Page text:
Video analytics can feel like a taboo "Big Brother" subject, but it's a technology that already exists and is only going to play a larger role in our lives going forward. We talked to Blueprint Managing Director of Innovation and Video Analytics expert Gary Nakanelua to break the stigma and discuss how your business can leverage video analysis efficiently and responsibly.
What do we mean at Blueprint when we talk about video analytics?
Video analytics is really about looking at video as a data source and converting that into something that can be integrated into analytics projects.
In the retail environment, for example, most companies already employ some type of video capture – usually for lost prevention purposes. They use it to help the authorities if an incident happens and an investigation occurs. What that results in is a very visual interaction with video. If you think about it a little differently – you can convert that video into a malleable data source that you can do other things with. Yes, you can identify a particular individual, but you can also capture every person walking into the store. You can find out how many people are entering the store, what path they are taking through the store, how long they are spending with employees, do they pick up and interact with items, are they wearing a mask. Retail stores are already capturing all these behaviors on video, which is raw data. But they need to go further and convert that footage into something that can feed into analytical processes.
What makes Blueprint's perspective on video analytics different?
Video analytics is not new in and of itself, it’s been around a long time. Most video analytics companies require a significant investment in hardware to even begin, but Blueprint doesn’t, we meet customers where they are. A retailer, for example, already has camera infrastructure and we work with that infrastructure. Depending on the specific situation, some adjustments may need to be made and we would have conversations about what can be done with what the company has in place, but it generally doesn’t require they make a significant investment in hardware. Video analytics companies that approach a customer with an off-the-shelf solution “that can solve all your problems” ― it just isn’t true. We’ve learned that video analytics is very much a solution-based approach that needs to be tailored for the environment and for the customer. You need to be able to adapt to their needs and what they have in place already.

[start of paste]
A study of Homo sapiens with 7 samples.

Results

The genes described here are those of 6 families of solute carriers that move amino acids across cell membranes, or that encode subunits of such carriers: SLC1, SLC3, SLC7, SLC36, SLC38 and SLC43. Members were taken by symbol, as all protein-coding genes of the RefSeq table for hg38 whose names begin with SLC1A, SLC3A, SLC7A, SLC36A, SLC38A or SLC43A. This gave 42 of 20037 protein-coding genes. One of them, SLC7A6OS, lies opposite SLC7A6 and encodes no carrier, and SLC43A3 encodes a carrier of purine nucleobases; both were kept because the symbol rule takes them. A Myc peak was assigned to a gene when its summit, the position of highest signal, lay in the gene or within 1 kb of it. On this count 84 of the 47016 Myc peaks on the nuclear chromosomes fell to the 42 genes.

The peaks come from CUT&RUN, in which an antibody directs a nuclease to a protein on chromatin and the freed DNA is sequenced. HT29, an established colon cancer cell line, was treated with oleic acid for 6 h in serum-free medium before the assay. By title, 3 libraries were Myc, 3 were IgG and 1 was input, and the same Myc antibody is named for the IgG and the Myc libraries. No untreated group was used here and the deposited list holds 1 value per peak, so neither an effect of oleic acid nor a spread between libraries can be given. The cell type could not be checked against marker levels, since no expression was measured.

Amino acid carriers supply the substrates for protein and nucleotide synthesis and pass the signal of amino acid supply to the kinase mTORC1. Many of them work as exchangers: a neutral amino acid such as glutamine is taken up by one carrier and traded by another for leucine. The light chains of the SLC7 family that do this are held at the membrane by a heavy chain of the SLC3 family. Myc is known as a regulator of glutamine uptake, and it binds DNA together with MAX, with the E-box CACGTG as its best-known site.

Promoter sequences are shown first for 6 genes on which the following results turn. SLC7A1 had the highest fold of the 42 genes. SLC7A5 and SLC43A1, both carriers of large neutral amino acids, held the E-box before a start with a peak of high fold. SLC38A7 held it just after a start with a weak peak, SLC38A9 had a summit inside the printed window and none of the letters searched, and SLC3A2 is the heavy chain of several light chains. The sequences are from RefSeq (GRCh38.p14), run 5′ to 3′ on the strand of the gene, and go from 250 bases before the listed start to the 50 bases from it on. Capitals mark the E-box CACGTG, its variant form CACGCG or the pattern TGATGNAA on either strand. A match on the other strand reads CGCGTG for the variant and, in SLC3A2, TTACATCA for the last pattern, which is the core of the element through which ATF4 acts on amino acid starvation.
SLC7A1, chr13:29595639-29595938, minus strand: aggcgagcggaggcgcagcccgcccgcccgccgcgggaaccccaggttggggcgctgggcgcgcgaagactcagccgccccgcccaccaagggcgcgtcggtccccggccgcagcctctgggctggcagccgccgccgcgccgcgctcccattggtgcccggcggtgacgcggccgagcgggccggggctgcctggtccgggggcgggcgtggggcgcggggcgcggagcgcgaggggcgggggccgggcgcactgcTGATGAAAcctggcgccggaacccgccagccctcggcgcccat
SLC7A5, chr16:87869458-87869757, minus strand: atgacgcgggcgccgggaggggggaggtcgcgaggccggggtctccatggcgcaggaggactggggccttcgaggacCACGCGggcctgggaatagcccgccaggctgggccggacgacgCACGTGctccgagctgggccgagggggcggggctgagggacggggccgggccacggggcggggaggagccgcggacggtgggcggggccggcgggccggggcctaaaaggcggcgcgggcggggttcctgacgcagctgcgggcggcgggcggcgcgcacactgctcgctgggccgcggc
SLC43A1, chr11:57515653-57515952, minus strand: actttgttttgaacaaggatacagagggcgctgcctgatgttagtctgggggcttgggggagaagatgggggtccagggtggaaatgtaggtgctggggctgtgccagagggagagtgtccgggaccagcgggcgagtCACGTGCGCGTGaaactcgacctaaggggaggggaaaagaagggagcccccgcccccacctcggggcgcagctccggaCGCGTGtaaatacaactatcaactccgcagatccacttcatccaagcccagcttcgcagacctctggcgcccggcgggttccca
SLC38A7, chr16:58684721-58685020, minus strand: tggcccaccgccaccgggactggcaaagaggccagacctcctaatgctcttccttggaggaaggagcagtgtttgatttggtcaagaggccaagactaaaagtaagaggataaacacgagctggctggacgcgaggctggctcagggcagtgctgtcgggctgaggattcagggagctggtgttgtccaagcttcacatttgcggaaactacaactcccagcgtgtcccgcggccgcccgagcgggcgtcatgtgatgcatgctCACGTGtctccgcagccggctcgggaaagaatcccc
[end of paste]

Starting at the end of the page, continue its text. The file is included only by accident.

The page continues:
What are the major components of an effective video analytics project?
As much as video analytics is an established discipline, it isn’t exactly commonplace, so customers often don’t know where to begin. It starts as a conversation to help identify what they don’t know ― exploring the art of the possible. We will also have to have a technical exploration. We go through what the organization has, maybe that is surveillance cameras, and we explore what can be done with that data. It’s like dumping a big bag of Legos on the ground and picking through it to see what you can make.
Then you look at the specific industry and what information the organization needs. In retail, for example, the count of people who come in and out is very important because customer count can be used to determine the average sales per customer and to understand customer traffic to better optimize employee scheduling.
So, a customer may know why they originally set up a camera infrastructure, but they don’t know what they can do with it. By having these conversations, you start to uncover what is important to them and how you can create a unique solution for them, often with the equipment they already have in place.
What are the benefits of getting video analytics right?
There are several things you can do with video analytics, you can identify people, plot out paths people or vehicles take, you can create heat maps of things. There are many things we can do, but the question really is, “what does the customer want to do?” It’s about finding the data that well help them optimize their business and have that quick return on investment. However, it’s a journey. Video analytics will not provide an instant increase in sales nor will operational deficiencies immediately decrease. Those things will happen, but you must dial it in. You want to develop the infrastructure in a way that allows you to adapt and customize it to your needs as you discover them and that adaptation needs to come at a low cost.
What are the risks companies run by not investing in video analytics?
The main risk is that an organization would not be taking full advantage of an investment, in this case video-capture hardware, that they’ve already made. They have raw data that they are capturing, but in effect they’re just hoarding it. At some point the decision to add video capture capabilities was made, so now you have all this video equipment and footage, but nothing to show for the investment. That’s not even mentioning the ongoing maintenance costs. These sorts of investments tend to look good on paper, but it turns out they do not impact the business in a positive way unless the video captured is fully utilized to drive the business. And because of that, you miss out on the possibilities at your fingertips and risk being overtaken by the competition.